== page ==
GUILDERLAND — On Election Day, New York’s voters will have their first opportunity in 20 years to call for a state constitutional convention via ballot proposition. Should they? Why or why not?
Nearly 100 Capital District voters seeking answers to those questions packed the auditorium at the Guilderland Public Library last Tuesday night for a panel discussion titled “Would New York State Benefit from a Constitutional Convention?” The event, co-presented by the League of Women Voters of Albany County and the Women’s Press Club of New York State, was moderated by Susan Arbetter, host of WCNY’s “The Capitol Pressroom,” a syndicated public radio program about state politics.
Gerald Benjamin, director of the Benjamin Center for Public Policy Initiatives at SUNY New Paltz, believes voting on a state Constitutional Convention referendum is “a once in a generation” opportunity New Yorkers should avail themselves of. He explained it’s a chance for the people to indicate whether or not they “approve of the character and performance of our [state] government,” quickly adding he can’t think of anyone who’d answer that question with a ‘yes.’
“I think we can do better at governing New York,” he exclaimed. “I think we’ve been given this opportunity precisely so that we can choose to do better. We don’t have to accept second-rate governing, we don’t have to accept corruption, we don’t have to accept state intervention in our local affairs without limit” chief among the reasons why the state’s residents should vote in favor of holding a convention.
Ronald Deutsch, executive director of the Latham-based Fiscal Policy Institute, an independent, nonpartisan, nonprofit research and education organization committed to improving public policies and private practices to better the economic and social conditions of all New Yorkers, is equally dissatisfied with the status quo. However, he views this ballot proposition as a means of opening up the state constitution as a whole to extensive scrutiny by extremists on both sides of the political spectrum. While he says good things could result from the people calling for a convention, he’s frightened about the “really bad things [that] could happen,” citing the conservative climate now prevalent in politics at both the state and national levels which has the potential to revert or even repeal existing protections, such as the Forever Wild provision.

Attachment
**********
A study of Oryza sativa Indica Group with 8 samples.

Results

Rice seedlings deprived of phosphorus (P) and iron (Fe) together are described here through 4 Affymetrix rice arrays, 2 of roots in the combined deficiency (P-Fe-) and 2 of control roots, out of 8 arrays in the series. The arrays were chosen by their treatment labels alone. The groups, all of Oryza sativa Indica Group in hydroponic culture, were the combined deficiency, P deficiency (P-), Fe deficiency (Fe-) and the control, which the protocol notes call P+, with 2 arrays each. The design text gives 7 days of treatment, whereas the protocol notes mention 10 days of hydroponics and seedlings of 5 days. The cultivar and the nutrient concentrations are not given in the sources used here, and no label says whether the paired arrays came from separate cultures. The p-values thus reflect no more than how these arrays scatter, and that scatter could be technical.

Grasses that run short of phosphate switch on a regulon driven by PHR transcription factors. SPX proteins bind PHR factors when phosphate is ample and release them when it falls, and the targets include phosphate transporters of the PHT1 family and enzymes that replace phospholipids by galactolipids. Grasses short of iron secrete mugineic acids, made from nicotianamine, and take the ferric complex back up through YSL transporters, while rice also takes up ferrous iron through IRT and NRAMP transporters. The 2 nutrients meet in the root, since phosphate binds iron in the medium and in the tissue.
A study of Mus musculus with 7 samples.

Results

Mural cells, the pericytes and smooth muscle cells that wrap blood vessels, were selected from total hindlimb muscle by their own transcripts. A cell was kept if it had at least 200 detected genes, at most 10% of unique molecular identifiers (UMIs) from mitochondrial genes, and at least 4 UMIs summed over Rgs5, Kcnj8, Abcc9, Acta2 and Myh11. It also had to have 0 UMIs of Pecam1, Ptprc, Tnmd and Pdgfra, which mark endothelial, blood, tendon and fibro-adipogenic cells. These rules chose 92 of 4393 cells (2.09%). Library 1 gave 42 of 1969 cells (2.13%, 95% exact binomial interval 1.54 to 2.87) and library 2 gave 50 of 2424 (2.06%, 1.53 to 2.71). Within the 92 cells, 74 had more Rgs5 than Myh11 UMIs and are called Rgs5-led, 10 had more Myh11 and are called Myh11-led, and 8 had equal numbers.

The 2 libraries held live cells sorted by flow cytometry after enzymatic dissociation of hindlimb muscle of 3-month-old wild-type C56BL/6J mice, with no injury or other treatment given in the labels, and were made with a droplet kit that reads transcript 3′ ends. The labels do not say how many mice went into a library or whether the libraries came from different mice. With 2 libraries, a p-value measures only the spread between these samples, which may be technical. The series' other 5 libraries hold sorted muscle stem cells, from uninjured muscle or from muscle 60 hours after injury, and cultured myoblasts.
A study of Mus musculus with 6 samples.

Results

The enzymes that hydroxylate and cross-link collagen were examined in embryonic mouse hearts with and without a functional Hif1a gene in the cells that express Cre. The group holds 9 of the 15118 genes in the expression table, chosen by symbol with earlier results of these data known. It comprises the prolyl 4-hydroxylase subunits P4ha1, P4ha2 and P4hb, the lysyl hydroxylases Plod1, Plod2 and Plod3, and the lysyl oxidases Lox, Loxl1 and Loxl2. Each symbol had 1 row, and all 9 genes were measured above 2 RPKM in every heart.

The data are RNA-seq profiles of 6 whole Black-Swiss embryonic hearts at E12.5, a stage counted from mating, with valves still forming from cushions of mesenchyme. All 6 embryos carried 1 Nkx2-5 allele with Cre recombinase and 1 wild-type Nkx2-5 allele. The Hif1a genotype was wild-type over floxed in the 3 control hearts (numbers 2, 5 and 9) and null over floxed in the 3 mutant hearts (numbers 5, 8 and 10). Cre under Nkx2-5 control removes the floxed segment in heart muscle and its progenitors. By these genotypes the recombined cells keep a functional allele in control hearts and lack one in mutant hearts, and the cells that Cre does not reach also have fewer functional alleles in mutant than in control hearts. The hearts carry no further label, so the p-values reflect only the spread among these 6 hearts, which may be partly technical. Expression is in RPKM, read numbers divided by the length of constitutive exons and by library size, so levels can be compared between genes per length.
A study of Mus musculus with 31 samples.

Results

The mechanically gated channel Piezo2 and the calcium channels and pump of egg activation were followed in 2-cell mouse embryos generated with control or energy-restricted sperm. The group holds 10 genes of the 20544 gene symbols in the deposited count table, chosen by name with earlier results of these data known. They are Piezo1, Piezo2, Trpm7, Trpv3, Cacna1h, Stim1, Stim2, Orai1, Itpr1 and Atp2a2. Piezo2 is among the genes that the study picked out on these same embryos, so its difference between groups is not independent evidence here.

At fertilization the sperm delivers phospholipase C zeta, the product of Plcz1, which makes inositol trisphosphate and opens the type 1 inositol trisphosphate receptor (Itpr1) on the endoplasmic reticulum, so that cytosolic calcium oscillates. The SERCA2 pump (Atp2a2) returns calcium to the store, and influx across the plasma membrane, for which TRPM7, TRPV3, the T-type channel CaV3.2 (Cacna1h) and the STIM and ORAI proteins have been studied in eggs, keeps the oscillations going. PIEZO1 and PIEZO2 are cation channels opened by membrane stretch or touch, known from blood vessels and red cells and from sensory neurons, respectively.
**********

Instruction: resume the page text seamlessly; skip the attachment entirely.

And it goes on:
Of great concern to Deutsch, are possible changes to Article 17, which currently reads that the state “shall” provide for the care of the needy. With the rumblings of forthcoming cuts to a variety of programs which benefit both the state and nation’s impoverished population, he’s fearful state government will follow the federal government’s lead. While he agrees change is necessary, he believes there is “too much at risk” to call for a convention at the present time.
If state residents decide to vote in favor of holding a convention, they should also be aware doing so is only the first step in a process that will take nearly three full years to complete.
The second step, electing delegates to attend the convention, would take place the following year, in this case, the 2018 general election.
The convention itself won’t actually convene until the third year. Based on the length of previous conventions, it would last between five to six months. After the delegates vote on which changes they wish to present to state residents, they will be assembled into either a single proposition or multiple propositions on the ballot for the 2019 general election for voters to approve or reject.
Deutsch is extremely concerned the resulting referendum package could ultimately resemble that of a state budget, containing a “mixed bag” of completely unrelated proposals voters will have to accept or reject as whole, even though there are individual items they may or may not agree with.
While Benjamin doesn’t disagree that this scenario would likely play out, he thinks voters should submit to the process anyway, stating if they don’t give this process a chance, “they’ll never get any positive outcomes.”
Election Day is next Tuesday, Nov. 7. Polls in Albany County will be open from 6 a.m. to 9 p.m. For more information about any aspect of voting in Albany County, visit the Board of Elections website at www.albanycounty.com/government/departments/boardofelections.aspx
A video of the entire panel discussion is available on the Guilderland Public Library’s facebook page at www.facebook.com/Guilderland.Library.